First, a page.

My child is being treated with antibiotics for a strep throat or conjunctivitis when can he come to school?
A child who has an infectious illness should be on antibiotics for at least a full 24 hours before returning to school. See contagious disease section for more information.
No, Quincy Public Schools have a medication policy that requires certain consents to be in place before any medication is taken in school. This policy is in place to protect both your child and the other students in the building.
Massachusetts Interscholastic Athletic Association requires that student athletes have a yearly physical exam to play sports. This is really for the health and safety of your child. Routine physical exams are where certain medical conditions are and can be treated to prevent future complications.
If your child has a fever of 100.0 or higher, has vomiting or diarrhea during the night, or has drainage from his eyes. He should stay home from school.
A child may need to stay home for a day or two when he has a cold, frequent cough, runny nose or the fatigue that is often present at the height of a cold. A day or two at home resting and drinking a lot of fluids is often needed so the child can return for the school day.
If your child has a stomach illness causing nausea and vomiting they should stay home from school. They should remain at home until they have been able to hold down solid food for 24 hours. See contagious disease section for more information.
When a student is required to take medication prescribed by a physician during school hours, two prerequisites are needed:
- Written permission for the nurse to dispense the medicine must be signed by a parent and the doctor before any such medicine will be dispensed.
- The medicine, which is limited to five-day supply, must have the prescriptive label. The medicine will be kept in a locked cabinet and dispensed by the nurse. If necessary, the form must be updated at the request of the school nurse.
Need more information? Please visit the Health Services page.
When you keep your child at home at the first sign of an illness, you protect your child from other health problems and you protect other children from exposure to the illness.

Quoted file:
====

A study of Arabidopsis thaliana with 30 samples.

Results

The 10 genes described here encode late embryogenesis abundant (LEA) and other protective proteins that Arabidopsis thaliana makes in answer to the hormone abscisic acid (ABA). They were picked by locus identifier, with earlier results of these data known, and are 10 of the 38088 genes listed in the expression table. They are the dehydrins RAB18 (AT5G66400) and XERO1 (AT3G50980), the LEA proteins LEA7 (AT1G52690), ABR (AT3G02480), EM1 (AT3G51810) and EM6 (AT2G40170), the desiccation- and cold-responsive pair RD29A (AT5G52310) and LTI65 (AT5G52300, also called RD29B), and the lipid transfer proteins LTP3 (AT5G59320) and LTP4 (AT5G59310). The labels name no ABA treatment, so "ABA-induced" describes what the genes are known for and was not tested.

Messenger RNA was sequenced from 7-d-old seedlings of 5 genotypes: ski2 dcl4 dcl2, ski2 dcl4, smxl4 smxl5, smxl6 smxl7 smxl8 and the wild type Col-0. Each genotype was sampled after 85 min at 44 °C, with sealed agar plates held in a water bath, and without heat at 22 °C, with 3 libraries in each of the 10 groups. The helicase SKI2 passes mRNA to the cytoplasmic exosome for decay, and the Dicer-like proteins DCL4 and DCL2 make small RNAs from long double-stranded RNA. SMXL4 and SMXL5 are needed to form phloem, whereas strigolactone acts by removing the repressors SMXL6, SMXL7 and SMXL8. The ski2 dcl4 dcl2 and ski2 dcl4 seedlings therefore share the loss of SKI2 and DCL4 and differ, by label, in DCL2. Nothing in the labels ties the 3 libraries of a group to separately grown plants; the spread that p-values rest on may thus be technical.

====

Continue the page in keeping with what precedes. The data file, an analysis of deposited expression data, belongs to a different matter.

If your child should become ill at school, the building principal or school nurse will try to reach you during the day. Please keep the school informed of all emergency contact numbers. Having a current Contact Card on file with your child’s school can make it much easier for QPS personnel to get in touch with you when necessary.
All students K through 12 must be fully immunized against Diphtheria, Tetanus, Polio, Measles, Mumps, and Rubella (MMR) and such other communicable diseases as may be specified from time to time by the department of public health. Students entering grade 7 MUST have had a second MMR before entrance in the fall.
For your convenience, clinics will be held the preceding spring. All new entrants must present evidence of having had a second Mantoux TB Skin Test within the preceding year. Any student who fails to comply with these laws will be excluded from school. Public school students entering school for the first time, whether at kindergarten or through transfer from another school system, will be required to present a physician’s certificate attesting to immunization against diphtheria, whooping cough, poliomyelitis, tetanus, and measles.
The only exception to these requirements will be made on receipt of a written statement from a doctor that immunization would not be in the best interests of the child; or, the student’s parent of guardian stating that vaccination or immunization is contrary to the religious beliefs of the student or parent.
Questions? Please visit the Health Services page.